Forbes Online recently published an article listing eight benefits of living in a 1000-square-foot home. The article has a clickbait-y feel to it, but it’s fodder for some good points about downsizing and how much is enough.
Why 1000? The article never reveals why it chose this size, so I’ll offer a few guesses. 1000 square feet is a nice round number with a history of working well. Forbes might have drawn from this source which states the average US house size was 983 square feet in 1950 – right when post-war prosperity created a middle class eager to keep up with the Joneses.
According to US census data, the average size of an extant single-family house built before 1960 is 1500 square feet, compared with 2200 square feet for a house built between 2005 and 2009. Lots of houses built before 1960 have been demolished by now. So it’s not that big of a stretch to say that a 1000-square-foot house was perfectly normal in the not-too-distant past.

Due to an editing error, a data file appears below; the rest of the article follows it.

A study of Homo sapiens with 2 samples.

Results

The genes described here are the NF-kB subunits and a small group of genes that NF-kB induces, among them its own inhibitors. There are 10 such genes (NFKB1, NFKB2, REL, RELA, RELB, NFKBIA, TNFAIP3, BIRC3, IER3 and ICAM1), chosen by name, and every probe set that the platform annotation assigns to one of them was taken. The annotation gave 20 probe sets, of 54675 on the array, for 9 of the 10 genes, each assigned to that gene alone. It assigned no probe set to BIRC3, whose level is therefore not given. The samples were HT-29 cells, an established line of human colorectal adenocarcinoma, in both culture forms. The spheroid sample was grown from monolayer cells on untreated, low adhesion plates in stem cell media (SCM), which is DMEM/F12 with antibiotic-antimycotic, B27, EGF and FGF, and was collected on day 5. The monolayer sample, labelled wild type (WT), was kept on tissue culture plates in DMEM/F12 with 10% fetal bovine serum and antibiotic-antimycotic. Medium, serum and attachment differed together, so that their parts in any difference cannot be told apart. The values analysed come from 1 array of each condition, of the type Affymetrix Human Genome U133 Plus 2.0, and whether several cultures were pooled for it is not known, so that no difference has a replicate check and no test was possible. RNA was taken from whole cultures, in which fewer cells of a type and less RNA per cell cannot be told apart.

Back to the original article. Seven of the eight bullet points favor 1000 square feet because it’s a small number. Lower utility bills, less cleaning, less stuff to break… you know the drill. Only one point favors 1000 square feet because it’s a large number: “you can still host large parties.” Which isn’t really true – depending on your home’s layout and your outdoor resources and the climate you live in and how many friends you have and how much personal space they need, square footage doesn’t necessarily dictate your party-hosting ability – but it’s an appeal to what most readers (remember, this is Forbes) consider “normal”.
And normal is the goal struck in the opening paragraph. “It’s smaller than an average home… but not so small that you need to subscribe to a movement to live there.” The bluntness is insulting to anyone who knows someone who lives in a tiny house… but yes, a house under 500 square feet is too far out for most people to ever consider it. The Forbes article argues that double this number is quite within reach, while still offering the many benefits of downsizing.